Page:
Children of the Mangueira favela of Rio de Janeiro watch the opening ceremony fireworks of the 2016 Summer Olympics. Courtesy of Tércio Teixeira, Human Rights Watch, August 5, 2016.
By Katharina Schneebauer
February 6, 2019
July 24th, 2020, 8 PM. This date will be marked by fireworks lighting up the night sky above Tokyo, Japan, signalizing the start of the most important two weeks this year for sports fans. 3.6 billion viewers will watch the opening ceremony of the 2020 Olympic Summer Games on TV, broadcast live from the newly finished Olympic Stadium of Tokyo. The spectacle is estimated to attract about 10 million tourists and generate $5.9 billion in revenue, with an additional $3.3 billion of sponsorship sales.
Ever since the first Olympics in 1896, there has been a controversy over the financial consequences for the host countries. This year, they could result in Japan paying more than $26 billion, contrary to an original forecast of $7.3 billion, according to the Board of Audit Japan. As Tokyo embarks upon their escapade of hosting the 2020 Summer Olympics, it is vital to take into account how the expenditures for the games negatively affect the hosting country.
Governments always spend a tremendous amount of money on the Olympic Games, yet they should rather spend it on healthcare or education. It is universally agreed on that the aim of a democratic state is to maximize social welfare by ensuring the individual has their basic needs. Olympic Games are usually hosted in democratic nations, so they should not interfere in a nation’s democratical values. But if the government spends billions of dollars on the Olympics, the impoverished citizens are neglected. Felipe Paiva, living in one of Rio’s favelas, when asked if the poor were helped through the great sums of money spent on the Olympics, replied, “The investment is not for us, it’s for the foreigners.” If the state used those billions to help people like Mr. Paiva out of poverty instead, it would embody the values of a true democratic state.
The 2016 Summer Olympics in Rio de Janeiro are an example of the outrageous sums of money invested into these games. The original estimate was a total price of $3 billion, yet the final cost was $13 billion. To host the games, the city had to cut back on healthcare, education, and police spendings. The 2012 London Olympics cost roughly $18 billion with only $5.8 billion revenue, while Beijing’s 2008 Summer Games generated $3.6 billion of income, compared to $40 billion in costs. Also the Sochi 2014 Winter Games only made a $53 million profit but cost a prodigious $50 billion, making them the most expensive games ever. The games are obviously over budgeted and this is in desperate need of change.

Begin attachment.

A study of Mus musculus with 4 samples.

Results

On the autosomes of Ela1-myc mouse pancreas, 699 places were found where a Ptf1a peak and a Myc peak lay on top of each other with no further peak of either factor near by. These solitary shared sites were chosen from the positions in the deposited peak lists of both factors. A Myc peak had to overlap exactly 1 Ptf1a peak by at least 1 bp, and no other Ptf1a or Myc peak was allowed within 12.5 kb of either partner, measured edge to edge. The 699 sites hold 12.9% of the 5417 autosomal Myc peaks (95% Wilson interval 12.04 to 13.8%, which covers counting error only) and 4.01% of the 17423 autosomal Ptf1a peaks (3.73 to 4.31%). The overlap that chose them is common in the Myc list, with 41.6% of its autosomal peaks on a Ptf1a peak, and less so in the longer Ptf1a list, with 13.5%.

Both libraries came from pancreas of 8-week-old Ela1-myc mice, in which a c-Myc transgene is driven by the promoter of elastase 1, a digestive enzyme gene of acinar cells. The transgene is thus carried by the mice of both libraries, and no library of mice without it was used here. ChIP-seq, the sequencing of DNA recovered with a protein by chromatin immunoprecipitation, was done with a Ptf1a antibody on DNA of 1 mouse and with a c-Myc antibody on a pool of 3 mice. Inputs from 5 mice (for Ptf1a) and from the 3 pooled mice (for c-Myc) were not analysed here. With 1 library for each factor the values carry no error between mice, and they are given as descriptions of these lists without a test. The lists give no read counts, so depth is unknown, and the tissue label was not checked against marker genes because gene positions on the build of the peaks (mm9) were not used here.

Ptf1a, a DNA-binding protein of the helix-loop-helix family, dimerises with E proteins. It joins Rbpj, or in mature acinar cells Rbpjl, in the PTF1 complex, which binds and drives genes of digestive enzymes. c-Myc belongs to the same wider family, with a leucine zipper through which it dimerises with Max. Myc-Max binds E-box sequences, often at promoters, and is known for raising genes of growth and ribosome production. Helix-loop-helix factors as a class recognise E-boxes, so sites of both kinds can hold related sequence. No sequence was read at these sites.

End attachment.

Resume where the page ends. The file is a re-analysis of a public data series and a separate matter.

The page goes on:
Additionally, the facilities built are immensely unsustainable, especially in developing countries. Many stadiums get abandoned after barely two weeks of utilization. The Rio Aquatics Stadium was in dilapidation merely six months after August 2016. Others are simply not eco friendly, such as Rio’s Olympic golf course, which was built on a nature reserve. Now the city cannot afford to maintain it.
One might argue that the Olympic Games bring tourism to the host country. For two weeks, the host city is in focus all around the world. Especially the Summer Games, the largest sporting event together with the World Cup, attract attention.
However, people commonly disregard that the cost of the games will never be compensated by tourists. Facilities that are built during the Olympics are in disrepair soon after. Once the games are over, the tourism will not continue flourishing, and governments can never get back what they lost.
The Olympic Games are always a risk for the host city, and with the Tokyo Summer Olympics coming up, yet another city is in peril of losing billions of dollars. An investment in education and health care would be much more profitable for the city’s residents. The Games should be an enjoyable time that brings people together, but not such an extreme economic downfall for the hosting country.